Ministry has changed over the past 6 months and changed significantly. Like all other aspects of life, the pandemic has deeply modified how we are connecting with people. The irony is that technology has made a difficult situation easier . . . in some ways. I’ve been reading accounts of the Spanish Flu pandemic in 1918 and the correlations to the current Covid-19 pandemic are startling.
The biggest difference between 1918 and 2020 is our evolved technology. Not only is our medical technology better for treatment of the virus but our technology for life and communication is also far superior to what they had 102 years ago.
Today we have the technology to pivot from physical to virtual to hybrid. Today we have the technology to allow us to contact anyone, anywhere, anytime, and not just hear them, but see them as well. Today we have complex databases that allow us to keep track of who we’ve contacted and how they are doing. Today we have mountains of reports to help close the back door and not let folks slip through the cracks. Today the technology that is making ministry possible in many ways is also creating tremendous hurdles.
Connecting with people, in person or virtually, takes work. Building relationships has often been compared to building bridges. A bridge doesn’t just happen by accident. Building a bridge takes a lot of time, a lot of planning, and an incredible amount of effort – not to mention a significant investment of resources. In many ways connecting with folks on a personal level has the same requirements. Building bridges can also be messy and doesn’t always turn out the way you want it to. Unfortunately bridges collapse or fail.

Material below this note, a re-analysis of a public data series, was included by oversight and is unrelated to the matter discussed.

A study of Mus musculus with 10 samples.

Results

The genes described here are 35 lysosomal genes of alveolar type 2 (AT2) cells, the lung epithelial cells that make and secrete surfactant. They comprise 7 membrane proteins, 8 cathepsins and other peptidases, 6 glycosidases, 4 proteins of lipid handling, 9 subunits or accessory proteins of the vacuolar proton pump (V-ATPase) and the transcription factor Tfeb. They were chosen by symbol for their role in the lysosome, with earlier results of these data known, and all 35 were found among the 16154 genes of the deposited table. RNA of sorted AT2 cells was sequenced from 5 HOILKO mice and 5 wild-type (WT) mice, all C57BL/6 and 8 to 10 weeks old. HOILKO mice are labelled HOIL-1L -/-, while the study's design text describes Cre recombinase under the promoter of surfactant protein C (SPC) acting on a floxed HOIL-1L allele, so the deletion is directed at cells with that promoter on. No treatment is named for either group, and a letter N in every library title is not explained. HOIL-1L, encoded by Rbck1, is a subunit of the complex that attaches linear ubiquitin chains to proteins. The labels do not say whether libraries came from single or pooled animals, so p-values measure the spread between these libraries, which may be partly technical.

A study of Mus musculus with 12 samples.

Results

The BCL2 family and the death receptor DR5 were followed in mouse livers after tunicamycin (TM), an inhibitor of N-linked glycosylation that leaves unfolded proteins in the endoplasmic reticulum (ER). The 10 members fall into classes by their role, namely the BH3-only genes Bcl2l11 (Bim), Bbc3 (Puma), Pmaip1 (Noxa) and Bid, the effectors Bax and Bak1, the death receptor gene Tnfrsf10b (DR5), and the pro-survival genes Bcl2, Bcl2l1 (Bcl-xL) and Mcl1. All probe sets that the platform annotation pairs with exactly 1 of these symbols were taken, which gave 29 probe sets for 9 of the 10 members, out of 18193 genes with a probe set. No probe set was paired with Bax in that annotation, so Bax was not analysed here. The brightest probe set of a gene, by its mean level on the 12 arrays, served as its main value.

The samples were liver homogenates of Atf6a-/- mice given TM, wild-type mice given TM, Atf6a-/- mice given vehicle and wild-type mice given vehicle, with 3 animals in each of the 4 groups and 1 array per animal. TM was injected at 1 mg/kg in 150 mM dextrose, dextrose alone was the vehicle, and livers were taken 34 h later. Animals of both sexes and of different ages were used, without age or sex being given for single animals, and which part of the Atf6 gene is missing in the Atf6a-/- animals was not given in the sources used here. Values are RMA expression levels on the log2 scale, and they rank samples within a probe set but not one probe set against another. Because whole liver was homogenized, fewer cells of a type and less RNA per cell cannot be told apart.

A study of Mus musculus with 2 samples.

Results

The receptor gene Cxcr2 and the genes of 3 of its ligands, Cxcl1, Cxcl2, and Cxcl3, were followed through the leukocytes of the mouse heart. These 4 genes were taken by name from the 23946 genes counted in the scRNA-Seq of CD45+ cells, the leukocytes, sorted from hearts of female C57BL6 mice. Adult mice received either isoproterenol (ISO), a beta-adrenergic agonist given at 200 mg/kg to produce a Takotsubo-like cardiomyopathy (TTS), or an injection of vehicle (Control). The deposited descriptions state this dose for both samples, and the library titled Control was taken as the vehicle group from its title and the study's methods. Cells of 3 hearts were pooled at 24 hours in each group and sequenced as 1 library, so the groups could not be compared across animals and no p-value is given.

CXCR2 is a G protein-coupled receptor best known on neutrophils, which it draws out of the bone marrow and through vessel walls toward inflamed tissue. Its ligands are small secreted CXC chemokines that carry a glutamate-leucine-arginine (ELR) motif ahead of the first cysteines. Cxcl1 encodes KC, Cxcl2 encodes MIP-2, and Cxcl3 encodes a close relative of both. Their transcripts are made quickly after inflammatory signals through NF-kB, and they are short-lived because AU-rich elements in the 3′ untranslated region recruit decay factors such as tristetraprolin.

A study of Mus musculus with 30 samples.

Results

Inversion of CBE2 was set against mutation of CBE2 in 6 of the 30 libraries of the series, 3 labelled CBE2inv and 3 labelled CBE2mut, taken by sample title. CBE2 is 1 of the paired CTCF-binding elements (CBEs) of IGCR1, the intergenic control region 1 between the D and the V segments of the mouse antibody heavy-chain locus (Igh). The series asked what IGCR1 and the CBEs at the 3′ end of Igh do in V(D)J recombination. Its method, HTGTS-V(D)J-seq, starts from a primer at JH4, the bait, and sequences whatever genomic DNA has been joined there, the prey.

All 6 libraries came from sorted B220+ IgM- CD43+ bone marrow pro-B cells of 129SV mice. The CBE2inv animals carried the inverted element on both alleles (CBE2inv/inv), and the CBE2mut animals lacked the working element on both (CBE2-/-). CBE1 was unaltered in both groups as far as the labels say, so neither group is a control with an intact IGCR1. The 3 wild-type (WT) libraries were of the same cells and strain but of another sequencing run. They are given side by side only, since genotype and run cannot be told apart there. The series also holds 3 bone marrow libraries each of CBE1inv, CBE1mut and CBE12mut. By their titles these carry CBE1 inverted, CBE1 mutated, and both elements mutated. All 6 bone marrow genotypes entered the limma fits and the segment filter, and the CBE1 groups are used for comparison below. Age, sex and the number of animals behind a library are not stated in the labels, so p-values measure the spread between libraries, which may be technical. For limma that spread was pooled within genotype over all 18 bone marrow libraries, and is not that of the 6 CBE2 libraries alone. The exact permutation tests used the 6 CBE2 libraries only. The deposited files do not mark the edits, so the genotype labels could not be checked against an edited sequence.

Perhaps we need to spend less time clicking and more time concentrating on relationships. Ministry is not just clicking check boxes off on a spreadsheet or database. While tracking progress and results is important that can’t get in the way of building a genuine relationship. Perfunctory contacts fool no one. The person you are trying to build a bridge too needs to know it is out of an intentional desire to get to know them.
Mass emails, or phone calls, or required weekly contacts may be part of relationships but cannot be the only tool when it comes to connecting with people. Some want a phone call, some a text, others a video chat. Regardless of the technological method used the content and passion behind the relationship effort must be tangible. Bridges don’t just happen, and neither do quality relationships with those we serve.
Recent surveys suggest that the quality of a relationship a church has with those attending the better chance they will return when the pandemic ends. Surveys also suggest that many who claim to be watching church online now aren’t, making any return to in person worship even more challenging. It would be naïve to assume that folks will come back on their own. They need their relationship with the church cultivated, and encouragement in their relationship with Jesus Christ. Bridges aren’t built and done; they require continuous work – so do relationships. Getting people back to church will be in no small part directly related to how well we stayed connected while apart.
When it comes to connecting with people, a report showing the number of emails sent, or number of phone calls made does not indicate the value of the connections. There is an art to connecting with someone, if you have that gift, teach others. If you lack that gift, learn from others but do not assume everyone communicates the same.
Remember, once the bridge is built, someone must be the first to cross it. An unused bridge does no good. Even if they won’t admit it, many are lonely, and hoping someone will walk across the bridge towards them.